Thursday, September 1, 2022

The Long Decline in the Middle

 From Tom Piatak at Chronicles:

A graph making the rounds on Twitter shows that, since 1970, the share of aggregate national income held by the middle class has plummeted while the share held by the rich has skyrocketed and the share held by the lower class has barely budged. I do not know if this graph has all the particulars right, but its thrust is undoubtedly correct. The decades-long decline of the once-great American middle class is the overarching political reality that the professional conservative movement has spent decades ignoring, obfuscating, and even celebrating.

At about the same time, I came upon an illuminating interview of financial journalist David Gelles by David Leonhardt in The New York Times. Gelles has written a book about the impact of longtime General Electric Chief Executive Jack Welch on the American economy. Welch, who took the reins at GE in 1981, was held up as the model CEO for decades, and many lesser CEOs took their cues accordingly. Welch’s overall approach is neatly summed up in his quip that he wished all GE’s plants were on barges so that he could ship them at a moment’s notice to whatever dismal spot on the planet then had the lowest labor costs. He’d need just enough infrastructure to allow GE to build its goods there and then to bring them back, tariff-free, to sell to Americans.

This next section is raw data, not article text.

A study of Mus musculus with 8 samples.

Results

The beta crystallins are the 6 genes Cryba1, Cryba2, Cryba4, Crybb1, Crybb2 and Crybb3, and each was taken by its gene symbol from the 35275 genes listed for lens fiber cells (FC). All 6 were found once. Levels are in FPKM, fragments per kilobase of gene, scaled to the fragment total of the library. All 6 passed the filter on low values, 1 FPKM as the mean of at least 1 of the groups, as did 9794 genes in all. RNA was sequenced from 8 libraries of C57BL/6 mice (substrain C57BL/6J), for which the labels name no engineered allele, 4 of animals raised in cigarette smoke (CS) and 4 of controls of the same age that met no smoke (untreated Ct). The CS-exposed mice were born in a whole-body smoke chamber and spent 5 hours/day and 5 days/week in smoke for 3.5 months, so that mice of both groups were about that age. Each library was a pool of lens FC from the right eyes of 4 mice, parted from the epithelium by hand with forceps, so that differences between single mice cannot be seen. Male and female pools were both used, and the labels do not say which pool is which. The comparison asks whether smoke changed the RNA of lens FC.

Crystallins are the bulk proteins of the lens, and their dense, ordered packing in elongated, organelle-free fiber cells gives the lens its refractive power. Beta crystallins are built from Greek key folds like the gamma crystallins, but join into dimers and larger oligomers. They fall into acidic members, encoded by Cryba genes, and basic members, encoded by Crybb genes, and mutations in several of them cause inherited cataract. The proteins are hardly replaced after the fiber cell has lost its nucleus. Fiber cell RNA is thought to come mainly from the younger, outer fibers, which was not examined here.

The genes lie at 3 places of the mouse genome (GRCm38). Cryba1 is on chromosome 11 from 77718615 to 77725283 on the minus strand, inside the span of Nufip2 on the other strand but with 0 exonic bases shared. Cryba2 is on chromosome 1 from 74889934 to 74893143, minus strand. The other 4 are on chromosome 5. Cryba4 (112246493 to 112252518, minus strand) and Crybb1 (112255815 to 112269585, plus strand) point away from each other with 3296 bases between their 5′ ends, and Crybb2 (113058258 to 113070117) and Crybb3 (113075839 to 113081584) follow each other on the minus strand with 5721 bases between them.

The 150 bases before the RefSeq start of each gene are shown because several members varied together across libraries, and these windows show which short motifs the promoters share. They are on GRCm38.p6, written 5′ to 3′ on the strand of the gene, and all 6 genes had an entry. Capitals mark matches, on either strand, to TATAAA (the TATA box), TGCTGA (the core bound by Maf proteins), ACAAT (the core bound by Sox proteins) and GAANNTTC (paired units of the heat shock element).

I never understood the adulation for Welch because I thought what he was doing was, at worst, economic treason and, at best, a renunciation of all the non-economic ties that used to bind companies to communities. As the article noted, Welch “unleashed a wave of mass layoffs and factory closures that other companies followed.”

Before Welch, layoffs were seen as a last resort, a triage measure to save money in a company that was otherwise going to fail. After Welch, layoffs became an accepted way of boosting profits, even at companies that were not in distress. Plants began to close, and jobs got shipped overseas with no concern for anything other than the short-term impact on the bottom line. Most of the profits at GE went to big investors in the form of stock buybacks rather than toward increased wages for workers, improved factories and equipment, or expansion in research and development. (Read more.)